Can braces fix an overbite? Can I get Invisalign for a crossbite? These are the types of questions we get a lot from our Richmond orthodontics patients. The good news is, thanks to our depth of experience, we can treat a wide variety of orthodontic cases, ranging from mild to very complex, at Gardner Orthodontics. While every smile is unique and you could even have a mixture of bite concerns, these are the types of malocclusion (improper bite) we see most commonly at our practice:
When the top teeth stick out too far in front of the bottom teeth, it’s known as an overbite, also called overjet. The majority of people have some degree of an overbite but when the space between the upper and lower teeth is significant, problems like excessive wear and jaw discomfort can occur. Additionally, an overbite makes the upper front teeth more susceptible to injury.
An underbite is characterized by lower teeth that sit in front of the upper teeth. It’s often the result of the top and bottom jaw growing at different rates. An underbite makes it hard to chew and speak properly and can also lead to uneven wear of the teeth. Since this type of malocclusion is skeletal in nature, it’s very beneficial if it’s diagnosed early.
When there isn’t enough room in the jaw to fit all of the teeth, we call it crowding. Often, in an effort to squeeze in the limited space, teeth will overlap, shift out of line or twist. Crowding can be caused by losing primary teeth too early, permanent teeth erupting incorrectly or an imbalance in the tooth-to-jaw size ratio. Crowded teeth are harder to brush and floss properly, which increases the risk of tooth decay and gum disease.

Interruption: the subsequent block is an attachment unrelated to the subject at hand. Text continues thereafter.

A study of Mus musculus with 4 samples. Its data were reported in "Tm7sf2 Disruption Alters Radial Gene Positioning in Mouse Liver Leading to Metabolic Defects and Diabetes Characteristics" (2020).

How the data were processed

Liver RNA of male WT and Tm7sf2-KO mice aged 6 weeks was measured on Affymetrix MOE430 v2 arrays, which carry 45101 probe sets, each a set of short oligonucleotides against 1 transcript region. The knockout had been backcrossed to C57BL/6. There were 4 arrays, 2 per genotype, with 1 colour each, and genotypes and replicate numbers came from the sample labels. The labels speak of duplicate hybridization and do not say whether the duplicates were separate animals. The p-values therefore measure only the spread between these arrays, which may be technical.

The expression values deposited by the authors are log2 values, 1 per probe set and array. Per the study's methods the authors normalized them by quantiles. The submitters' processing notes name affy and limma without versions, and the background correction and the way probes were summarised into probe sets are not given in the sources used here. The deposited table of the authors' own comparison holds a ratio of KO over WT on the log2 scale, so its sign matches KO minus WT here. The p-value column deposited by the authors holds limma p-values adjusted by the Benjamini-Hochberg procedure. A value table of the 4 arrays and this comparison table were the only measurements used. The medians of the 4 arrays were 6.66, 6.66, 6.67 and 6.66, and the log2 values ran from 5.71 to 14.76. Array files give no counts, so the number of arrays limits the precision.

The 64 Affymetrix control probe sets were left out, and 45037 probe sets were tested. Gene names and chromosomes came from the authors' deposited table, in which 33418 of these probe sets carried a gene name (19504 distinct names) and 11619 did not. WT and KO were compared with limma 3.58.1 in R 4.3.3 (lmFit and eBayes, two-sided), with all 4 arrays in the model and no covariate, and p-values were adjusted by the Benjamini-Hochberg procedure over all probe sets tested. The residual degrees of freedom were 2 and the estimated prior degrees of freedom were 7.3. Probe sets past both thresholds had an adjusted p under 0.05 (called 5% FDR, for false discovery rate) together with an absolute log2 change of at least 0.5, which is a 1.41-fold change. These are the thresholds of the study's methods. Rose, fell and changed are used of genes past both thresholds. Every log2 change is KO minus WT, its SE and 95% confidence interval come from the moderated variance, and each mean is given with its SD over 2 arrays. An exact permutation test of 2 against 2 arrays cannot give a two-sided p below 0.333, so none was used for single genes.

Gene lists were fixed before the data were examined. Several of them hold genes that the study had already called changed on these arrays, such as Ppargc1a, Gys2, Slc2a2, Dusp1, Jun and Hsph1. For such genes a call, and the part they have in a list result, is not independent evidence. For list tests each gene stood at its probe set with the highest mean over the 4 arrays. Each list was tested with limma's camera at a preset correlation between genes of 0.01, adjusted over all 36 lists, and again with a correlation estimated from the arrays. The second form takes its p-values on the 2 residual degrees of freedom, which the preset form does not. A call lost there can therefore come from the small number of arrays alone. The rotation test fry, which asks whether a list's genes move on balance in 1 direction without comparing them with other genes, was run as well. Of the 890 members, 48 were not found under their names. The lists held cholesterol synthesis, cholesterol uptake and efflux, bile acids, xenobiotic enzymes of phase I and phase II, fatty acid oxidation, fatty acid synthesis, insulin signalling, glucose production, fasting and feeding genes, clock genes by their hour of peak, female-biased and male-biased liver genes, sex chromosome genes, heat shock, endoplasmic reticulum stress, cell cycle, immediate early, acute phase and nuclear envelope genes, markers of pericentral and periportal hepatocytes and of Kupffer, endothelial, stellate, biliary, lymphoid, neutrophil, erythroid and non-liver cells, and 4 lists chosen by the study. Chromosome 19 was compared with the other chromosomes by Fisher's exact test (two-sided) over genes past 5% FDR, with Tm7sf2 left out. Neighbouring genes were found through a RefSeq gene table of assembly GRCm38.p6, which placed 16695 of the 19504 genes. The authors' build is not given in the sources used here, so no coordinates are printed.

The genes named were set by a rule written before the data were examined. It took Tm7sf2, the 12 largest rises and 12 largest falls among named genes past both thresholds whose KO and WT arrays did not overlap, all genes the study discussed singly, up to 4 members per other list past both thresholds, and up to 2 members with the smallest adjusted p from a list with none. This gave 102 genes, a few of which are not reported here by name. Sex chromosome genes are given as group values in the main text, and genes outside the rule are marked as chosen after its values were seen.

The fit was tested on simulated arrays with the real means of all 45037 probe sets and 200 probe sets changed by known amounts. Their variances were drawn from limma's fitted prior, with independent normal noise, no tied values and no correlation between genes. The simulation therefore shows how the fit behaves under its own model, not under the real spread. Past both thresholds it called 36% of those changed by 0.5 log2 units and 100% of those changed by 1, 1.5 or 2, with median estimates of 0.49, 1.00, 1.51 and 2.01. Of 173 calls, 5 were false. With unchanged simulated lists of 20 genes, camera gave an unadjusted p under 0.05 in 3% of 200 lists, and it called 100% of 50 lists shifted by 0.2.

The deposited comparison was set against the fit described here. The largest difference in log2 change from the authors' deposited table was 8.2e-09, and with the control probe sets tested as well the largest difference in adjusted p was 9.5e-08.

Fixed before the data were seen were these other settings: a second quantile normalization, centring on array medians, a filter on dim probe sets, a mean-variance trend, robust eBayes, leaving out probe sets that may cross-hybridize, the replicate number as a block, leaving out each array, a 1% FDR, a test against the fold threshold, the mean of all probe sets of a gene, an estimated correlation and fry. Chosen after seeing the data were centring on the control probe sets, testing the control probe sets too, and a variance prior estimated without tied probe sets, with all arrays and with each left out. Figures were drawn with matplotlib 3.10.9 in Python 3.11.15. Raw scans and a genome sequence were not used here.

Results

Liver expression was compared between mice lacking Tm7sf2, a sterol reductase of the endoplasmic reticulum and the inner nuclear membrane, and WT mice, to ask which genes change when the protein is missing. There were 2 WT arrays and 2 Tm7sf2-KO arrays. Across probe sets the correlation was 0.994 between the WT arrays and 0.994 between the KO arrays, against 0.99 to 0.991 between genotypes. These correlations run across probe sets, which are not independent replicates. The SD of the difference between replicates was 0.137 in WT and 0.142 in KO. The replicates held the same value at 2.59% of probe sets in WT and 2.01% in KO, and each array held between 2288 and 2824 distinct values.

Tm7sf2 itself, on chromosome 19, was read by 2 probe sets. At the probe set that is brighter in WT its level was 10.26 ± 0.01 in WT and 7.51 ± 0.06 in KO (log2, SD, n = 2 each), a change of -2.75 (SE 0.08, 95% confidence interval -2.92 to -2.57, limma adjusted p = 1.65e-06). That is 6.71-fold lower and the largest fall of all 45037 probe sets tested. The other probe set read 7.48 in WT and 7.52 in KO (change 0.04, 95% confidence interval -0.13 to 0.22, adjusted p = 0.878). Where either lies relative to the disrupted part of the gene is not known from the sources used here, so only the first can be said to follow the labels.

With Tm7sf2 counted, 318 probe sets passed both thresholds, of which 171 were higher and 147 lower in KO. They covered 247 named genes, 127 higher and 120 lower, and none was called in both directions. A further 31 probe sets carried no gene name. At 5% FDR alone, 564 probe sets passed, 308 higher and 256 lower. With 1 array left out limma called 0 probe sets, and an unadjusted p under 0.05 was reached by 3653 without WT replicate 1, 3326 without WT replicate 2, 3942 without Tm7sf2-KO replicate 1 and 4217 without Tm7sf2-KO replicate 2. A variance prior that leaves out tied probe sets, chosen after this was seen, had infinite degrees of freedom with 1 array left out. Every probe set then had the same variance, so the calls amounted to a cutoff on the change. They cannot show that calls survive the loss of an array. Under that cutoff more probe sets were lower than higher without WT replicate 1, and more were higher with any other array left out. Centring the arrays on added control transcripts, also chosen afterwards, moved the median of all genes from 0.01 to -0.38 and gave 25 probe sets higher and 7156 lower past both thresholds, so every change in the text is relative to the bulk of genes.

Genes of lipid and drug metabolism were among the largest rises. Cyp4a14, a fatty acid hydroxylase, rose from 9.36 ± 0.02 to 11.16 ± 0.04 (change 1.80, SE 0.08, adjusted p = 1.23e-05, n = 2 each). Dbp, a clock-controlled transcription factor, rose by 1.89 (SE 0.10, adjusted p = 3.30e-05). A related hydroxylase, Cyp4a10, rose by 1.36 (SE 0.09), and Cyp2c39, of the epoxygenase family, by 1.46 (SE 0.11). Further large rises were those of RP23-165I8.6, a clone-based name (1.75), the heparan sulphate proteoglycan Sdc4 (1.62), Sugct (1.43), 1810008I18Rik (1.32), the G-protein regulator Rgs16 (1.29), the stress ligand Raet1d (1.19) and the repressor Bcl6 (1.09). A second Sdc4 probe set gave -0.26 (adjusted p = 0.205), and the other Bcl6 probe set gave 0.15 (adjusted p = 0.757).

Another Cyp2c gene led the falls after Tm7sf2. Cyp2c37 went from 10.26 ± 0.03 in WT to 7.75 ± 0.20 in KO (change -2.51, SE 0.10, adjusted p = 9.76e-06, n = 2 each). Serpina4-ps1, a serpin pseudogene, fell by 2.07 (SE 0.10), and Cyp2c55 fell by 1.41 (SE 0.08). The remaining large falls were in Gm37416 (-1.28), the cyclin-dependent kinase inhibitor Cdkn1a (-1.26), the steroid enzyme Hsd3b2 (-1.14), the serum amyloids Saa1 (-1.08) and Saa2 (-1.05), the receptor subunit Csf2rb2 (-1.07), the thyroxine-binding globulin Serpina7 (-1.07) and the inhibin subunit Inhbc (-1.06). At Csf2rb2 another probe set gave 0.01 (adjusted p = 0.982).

Spacing is when you have gaps between two or more teeth. It can be caused by teeth that are too narrow for the jaw, certain oral habits, such as prolonged thumb sucking, or missing teeth. While, of course, it’s a cosmetic concern, spacing can also have a negative impact on the health of your gums.
If some of the upper teeth sit inside of some of the lower teeth when your jaws are closed together, it’s known as a crossbite. You can have a posterior crossbite or an anterior crossbite depending on which teeth are involved. Crossbites can be caused by trauma, certain oral habits, genetics or the early loss of baby teeth. Patients often compensate by shifting their jaw to one side, which can cause permanent changes in the facial structure if not corrected.
If your top teeth and bottom teeth don’t come together when you close your mouth, it’s referred to as an open bite. This can affect your ability to bite and chew. Open bites are typically caused by genetics or oral habits, including tongue thrusting and prolonged pacifier use or thumb sucking.